CHAPTER 7 | Drives

Cooling tower fans can be directly coupled to the motor, or, connected via gear boxes or V-belts.

Direct drives are limited to small diameter fans; Otherwise, tip speeds would be too great- even with 900rpm motors. Direct drives are, therefore, generally found on small cooling towers; Or, medium size towers with numerous small fans.

V-belts are used on the full range of factory assembled towers- from less than 10 tons to over 1,000 tons. They allow the manufacturer to easily tailor the speed of fans through the judicious selection of sheave (pulley) diameters. Fixed pitch prop fans can be used. [Similar to centrifugal fans- their fixed geometry pretty much demands V-belt drives.] V-belt drives do not require precise alignment and work fine after the rigors of shipment and rigging.

Belts and sheaves come from numerous manufacturers. Many offer proprietary designs where the belt and sheave have special shapes peculiar to that manufacturer. I am only familiar with those that are ‘conventional’. This is to say, manufactured to standard, industry wide tolerances.

To keep from having different sheaves for each fan shaft diameter, they are made with the center hole machined on a taper. A bushing with the correct taper and bore size adapts the sheave to the fan shaft. This tapered attachment method insures concentricity of the shaft and sheave and locks the sheave securely. Disassembly is made easy by extra threaded holes that turn the bushing into a ‘puller’.

Bushings are described by letters- defining the taper geometry- and the bore size/shaft diameter. For example... SK x 1-11/16”.

Like sheaves, bushings can be proprietary or conventional; They can’t be mixed.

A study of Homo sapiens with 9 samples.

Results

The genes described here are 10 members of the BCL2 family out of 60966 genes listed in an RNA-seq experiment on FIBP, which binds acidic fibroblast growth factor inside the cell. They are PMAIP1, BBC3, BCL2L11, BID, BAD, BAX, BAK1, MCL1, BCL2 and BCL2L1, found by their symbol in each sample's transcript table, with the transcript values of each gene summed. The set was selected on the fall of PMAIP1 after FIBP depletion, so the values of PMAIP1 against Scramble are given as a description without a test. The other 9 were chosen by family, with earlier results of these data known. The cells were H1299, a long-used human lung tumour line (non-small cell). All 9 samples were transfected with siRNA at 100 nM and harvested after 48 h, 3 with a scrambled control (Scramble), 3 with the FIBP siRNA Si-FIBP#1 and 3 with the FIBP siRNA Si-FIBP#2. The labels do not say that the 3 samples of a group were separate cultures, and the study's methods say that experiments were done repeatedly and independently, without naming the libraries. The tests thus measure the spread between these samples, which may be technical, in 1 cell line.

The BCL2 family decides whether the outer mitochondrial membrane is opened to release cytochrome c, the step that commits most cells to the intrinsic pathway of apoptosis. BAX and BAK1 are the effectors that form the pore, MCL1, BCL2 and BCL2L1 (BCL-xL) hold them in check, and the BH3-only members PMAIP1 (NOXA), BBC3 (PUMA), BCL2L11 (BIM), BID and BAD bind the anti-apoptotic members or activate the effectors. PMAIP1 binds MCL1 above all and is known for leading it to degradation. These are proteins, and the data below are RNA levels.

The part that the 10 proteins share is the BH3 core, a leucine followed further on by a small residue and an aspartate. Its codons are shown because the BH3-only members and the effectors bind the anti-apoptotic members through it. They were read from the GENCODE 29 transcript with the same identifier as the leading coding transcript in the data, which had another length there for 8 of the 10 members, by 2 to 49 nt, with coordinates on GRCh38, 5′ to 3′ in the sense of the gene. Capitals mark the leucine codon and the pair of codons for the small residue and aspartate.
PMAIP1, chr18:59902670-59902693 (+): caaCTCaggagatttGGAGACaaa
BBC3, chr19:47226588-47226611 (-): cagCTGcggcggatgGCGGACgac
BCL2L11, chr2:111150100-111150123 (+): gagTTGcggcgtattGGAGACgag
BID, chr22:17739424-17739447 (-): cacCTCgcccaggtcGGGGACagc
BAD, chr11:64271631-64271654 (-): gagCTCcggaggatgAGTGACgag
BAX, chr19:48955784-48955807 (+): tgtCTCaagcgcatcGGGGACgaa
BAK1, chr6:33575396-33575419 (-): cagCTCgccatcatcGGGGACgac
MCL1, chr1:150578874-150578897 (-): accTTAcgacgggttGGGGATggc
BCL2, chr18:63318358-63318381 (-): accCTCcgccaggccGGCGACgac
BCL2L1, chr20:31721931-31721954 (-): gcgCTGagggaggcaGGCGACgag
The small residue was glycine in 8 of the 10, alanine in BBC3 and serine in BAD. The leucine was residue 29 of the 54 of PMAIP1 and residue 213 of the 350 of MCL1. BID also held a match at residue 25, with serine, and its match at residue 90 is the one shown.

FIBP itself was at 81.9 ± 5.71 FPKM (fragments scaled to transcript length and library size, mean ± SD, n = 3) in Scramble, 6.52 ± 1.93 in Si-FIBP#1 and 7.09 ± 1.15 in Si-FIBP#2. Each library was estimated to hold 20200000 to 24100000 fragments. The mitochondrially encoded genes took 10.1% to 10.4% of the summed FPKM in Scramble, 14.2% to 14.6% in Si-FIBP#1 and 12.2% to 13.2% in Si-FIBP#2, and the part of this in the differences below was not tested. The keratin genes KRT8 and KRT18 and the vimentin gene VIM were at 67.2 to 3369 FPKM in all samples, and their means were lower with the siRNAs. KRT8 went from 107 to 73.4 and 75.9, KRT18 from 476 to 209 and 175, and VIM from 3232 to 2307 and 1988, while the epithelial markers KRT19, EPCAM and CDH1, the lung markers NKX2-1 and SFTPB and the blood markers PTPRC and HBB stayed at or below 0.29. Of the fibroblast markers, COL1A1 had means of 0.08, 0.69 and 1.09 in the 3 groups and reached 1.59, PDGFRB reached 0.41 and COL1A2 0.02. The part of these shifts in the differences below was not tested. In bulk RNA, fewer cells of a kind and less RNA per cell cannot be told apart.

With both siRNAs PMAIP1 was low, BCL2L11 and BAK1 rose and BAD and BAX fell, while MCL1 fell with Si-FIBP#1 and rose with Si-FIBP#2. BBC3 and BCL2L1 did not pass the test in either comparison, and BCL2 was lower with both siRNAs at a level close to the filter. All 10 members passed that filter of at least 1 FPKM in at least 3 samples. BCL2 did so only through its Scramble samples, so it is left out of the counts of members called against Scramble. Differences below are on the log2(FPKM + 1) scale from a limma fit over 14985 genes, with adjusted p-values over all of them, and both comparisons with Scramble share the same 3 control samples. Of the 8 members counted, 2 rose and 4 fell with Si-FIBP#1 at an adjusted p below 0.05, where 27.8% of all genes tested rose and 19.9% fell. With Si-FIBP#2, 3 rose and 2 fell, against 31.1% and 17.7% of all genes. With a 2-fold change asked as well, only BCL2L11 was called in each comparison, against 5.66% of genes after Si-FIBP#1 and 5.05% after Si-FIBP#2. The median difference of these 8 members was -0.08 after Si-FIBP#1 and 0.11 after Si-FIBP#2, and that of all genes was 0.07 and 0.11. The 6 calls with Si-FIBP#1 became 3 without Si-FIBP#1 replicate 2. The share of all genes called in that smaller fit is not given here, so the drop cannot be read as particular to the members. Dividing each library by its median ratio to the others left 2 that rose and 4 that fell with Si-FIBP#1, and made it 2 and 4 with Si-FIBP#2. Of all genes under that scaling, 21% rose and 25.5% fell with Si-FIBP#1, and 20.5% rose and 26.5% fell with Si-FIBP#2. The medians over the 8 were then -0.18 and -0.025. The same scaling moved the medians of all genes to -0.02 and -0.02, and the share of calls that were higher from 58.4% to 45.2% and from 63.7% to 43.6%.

The glossary has ‘B’ section belt, sheave, and bushing data. Anyone working with these items regularly should secure a catalog from a manufacturer such as Woods or Electron.

Gear boxes are used on just about all large field erected cooling towers and many factory assembled towers- all of the prop fan, draw-thru type. Almost all are right angle gear drives with the input shaft horizontal and the output vertically ‘up’. The designer selects the ratio closest to his/her requirement based on the fan being used, noise levels and cost. Limited ratios are available and the fan blades must be ‘pitched’ to the proper angle to achieve the desired performance for the specific project- typically not a problem since large fans are built on site anyway.

Cooling tower manufacturers seem to subscribe to high quality standards for their gears but it would not hurt to specify as follows (borrowed from the Ceramic Cooling Tower Company):

“Speed reducers shall be right angled gear drive type specifically designed for cooling tower service. Gears shall be spiral bevel or helical type designed in accordance with the Cooling Tower Institute and American Gear Manufacturer’s Association Standards with a minimum service factor of 2.0 based on motor horsepower. The gear shall be suitable for both forward and reverse operation. Oil fill and vent lines shall be extended outside the fan stack and provided with an oil level sight glass to facilitate routine inspection and maintenance.”

Fan motors can connect directly to the gear box or through a drive shaft. Either way, motor and gear alignment are critical and mountings must be solid. Various manufacturers make flexible couplings specifically for difficult cooling tower duty. It is in the cooling tower manufacturer’s best interest that these items work properly and be trouble free; The cooling tower specifier should not concern his/her self unduly with materials except to specify couplings that use no rubber if ozone water treatment will be present.